Such stories draw a connection between our behavior and our understanding of another person.  If a person is trustworthy, we give trust easily.  If a person is unreliable, we learn not to count on that person.  If a person vindictive, we become very wary.  

So it ought not be a surprise that our understanding of God – the attributes and images we carry around in our head – make a difference in how we behave.  James Byran Smith  writes

If we think of God as harsh and demanding, we will probably cower in fear and keep our distance from God.  If we think of God as a vague and impersonal force in the universe we will probably have a vague and impersonal relationship with this god.  That is why it is crucial to have right thoughts about God.  It will determine everything we do.  (The Good and Beautiful God, p88)

This connection between behavior and thought is an important aspect of the work of spiritual direction.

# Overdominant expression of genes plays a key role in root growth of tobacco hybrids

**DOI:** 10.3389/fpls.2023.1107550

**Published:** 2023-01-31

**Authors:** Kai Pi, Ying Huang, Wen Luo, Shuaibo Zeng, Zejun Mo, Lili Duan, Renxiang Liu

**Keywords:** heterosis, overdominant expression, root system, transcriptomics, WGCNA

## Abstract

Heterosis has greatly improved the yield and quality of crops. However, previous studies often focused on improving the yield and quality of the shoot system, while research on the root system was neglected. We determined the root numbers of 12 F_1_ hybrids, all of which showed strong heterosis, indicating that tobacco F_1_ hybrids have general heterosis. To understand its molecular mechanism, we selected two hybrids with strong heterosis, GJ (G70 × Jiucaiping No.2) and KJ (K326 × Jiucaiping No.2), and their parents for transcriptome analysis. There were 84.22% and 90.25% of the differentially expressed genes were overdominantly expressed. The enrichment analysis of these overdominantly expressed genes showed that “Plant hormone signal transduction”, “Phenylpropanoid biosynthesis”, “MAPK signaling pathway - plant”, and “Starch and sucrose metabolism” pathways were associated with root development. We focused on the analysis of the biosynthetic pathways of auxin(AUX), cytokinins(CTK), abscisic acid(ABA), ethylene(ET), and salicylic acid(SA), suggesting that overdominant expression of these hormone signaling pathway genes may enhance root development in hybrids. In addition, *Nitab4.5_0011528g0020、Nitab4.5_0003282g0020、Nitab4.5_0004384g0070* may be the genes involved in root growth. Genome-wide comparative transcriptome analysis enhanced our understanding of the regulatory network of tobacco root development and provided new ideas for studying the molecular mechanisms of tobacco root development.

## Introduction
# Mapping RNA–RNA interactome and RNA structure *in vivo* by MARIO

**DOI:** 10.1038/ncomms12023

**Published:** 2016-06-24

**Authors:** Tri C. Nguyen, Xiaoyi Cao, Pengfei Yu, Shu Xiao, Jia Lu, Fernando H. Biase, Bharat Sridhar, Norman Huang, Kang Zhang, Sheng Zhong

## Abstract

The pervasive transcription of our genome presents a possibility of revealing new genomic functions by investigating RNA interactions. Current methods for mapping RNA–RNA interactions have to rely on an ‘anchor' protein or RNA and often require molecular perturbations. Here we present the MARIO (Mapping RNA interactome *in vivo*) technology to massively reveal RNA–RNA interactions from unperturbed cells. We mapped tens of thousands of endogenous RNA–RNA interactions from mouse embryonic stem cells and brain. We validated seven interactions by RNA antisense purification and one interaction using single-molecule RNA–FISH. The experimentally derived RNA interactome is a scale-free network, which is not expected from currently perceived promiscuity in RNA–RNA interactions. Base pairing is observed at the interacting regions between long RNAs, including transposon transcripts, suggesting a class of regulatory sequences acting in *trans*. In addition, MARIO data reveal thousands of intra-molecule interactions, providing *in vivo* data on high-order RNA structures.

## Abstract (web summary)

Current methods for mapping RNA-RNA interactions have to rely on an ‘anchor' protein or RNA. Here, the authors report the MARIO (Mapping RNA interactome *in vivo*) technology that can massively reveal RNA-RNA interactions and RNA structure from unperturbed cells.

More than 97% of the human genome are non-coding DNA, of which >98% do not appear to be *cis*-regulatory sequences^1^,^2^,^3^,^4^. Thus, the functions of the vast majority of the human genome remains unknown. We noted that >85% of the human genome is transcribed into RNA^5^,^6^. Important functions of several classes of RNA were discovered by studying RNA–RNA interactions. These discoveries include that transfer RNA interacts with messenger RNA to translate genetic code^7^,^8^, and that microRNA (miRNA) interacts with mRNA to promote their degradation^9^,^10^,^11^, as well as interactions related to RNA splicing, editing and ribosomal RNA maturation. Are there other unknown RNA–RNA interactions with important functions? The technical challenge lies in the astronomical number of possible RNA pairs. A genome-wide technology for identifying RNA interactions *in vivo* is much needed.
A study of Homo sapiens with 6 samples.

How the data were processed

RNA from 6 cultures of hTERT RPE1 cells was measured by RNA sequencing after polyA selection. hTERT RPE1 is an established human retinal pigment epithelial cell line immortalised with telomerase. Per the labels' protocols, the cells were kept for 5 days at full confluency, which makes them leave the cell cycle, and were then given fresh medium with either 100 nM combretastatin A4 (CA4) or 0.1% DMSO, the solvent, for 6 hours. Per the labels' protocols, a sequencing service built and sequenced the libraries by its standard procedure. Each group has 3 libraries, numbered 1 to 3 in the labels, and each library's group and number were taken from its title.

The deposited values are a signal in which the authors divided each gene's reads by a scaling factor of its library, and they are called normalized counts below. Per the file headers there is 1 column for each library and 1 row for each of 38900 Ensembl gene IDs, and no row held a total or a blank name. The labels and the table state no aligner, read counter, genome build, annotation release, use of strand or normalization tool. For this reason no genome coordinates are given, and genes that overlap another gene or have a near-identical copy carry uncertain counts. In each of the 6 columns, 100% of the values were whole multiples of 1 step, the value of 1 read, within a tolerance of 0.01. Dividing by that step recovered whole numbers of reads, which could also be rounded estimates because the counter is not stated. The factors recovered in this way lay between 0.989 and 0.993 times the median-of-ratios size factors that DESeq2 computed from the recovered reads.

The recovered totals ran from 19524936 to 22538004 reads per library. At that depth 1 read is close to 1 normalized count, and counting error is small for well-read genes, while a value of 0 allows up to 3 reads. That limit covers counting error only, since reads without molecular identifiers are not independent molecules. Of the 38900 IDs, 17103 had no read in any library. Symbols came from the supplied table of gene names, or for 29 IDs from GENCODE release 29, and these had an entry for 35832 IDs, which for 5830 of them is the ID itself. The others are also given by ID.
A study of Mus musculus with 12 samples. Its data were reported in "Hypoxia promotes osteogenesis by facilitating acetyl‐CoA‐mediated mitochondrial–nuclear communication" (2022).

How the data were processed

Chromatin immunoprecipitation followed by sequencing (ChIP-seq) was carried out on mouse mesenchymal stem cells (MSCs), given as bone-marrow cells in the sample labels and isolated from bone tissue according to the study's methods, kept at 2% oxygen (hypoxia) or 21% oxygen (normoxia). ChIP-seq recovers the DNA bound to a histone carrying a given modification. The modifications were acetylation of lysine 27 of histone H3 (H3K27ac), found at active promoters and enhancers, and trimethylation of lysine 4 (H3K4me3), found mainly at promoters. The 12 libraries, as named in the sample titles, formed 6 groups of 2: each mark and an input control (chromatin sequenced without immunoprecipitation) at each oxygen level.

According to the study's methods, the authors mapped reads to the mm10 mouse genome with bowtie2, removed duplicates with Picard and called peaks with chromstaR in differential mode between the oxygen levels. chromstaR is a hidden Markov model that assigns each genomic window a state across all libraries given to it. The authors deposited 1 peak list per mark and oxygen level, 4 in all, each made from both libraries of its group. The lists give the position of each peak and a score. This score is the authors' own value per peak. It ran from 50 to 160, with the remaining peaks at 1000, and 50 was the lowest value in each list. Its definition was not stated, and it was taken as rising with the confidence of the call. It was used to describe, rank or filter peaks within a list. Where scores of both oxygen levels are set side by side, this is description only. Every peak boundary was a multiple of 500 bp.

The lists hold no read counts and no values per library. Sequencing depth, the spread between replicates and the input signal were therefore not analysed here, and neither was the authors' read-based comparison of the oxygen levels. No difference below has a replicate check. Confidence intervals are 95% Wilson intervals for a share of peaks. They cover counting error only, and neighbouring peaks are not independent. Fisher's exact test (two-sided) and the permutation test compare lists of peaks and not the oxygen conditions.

Our desire is that members of the community grow in their relationship with the Triune God and live faithfully in this relationship.  So the question is worth asking: do our behaviors reflect our confidence and trust in a God who sent his One and Only Son into the world to save us?   We live in a time where many are fearful and anxious.   Some of this is rooted in the economy.  Some of this is rooted in the culture of insecurity.  Some of this is rooted in our inability to control our world.  We can probably add other culprits.  But how does this anxious and fearful behavior reflect our faith in the one who holds all things under his rule and loves us so deeply that Christ entered the world to redeem us?  Is it possible that we doubt the rule of God? Or his faithfulness?

Exploring these kinds of questions can lead us to see more clearly the power of Lord’s Day 10 of the Heidelberg Catechism. 

It all comes down to the question Jesus asked: Who do you say I am?  The answer makes all the difference in the world.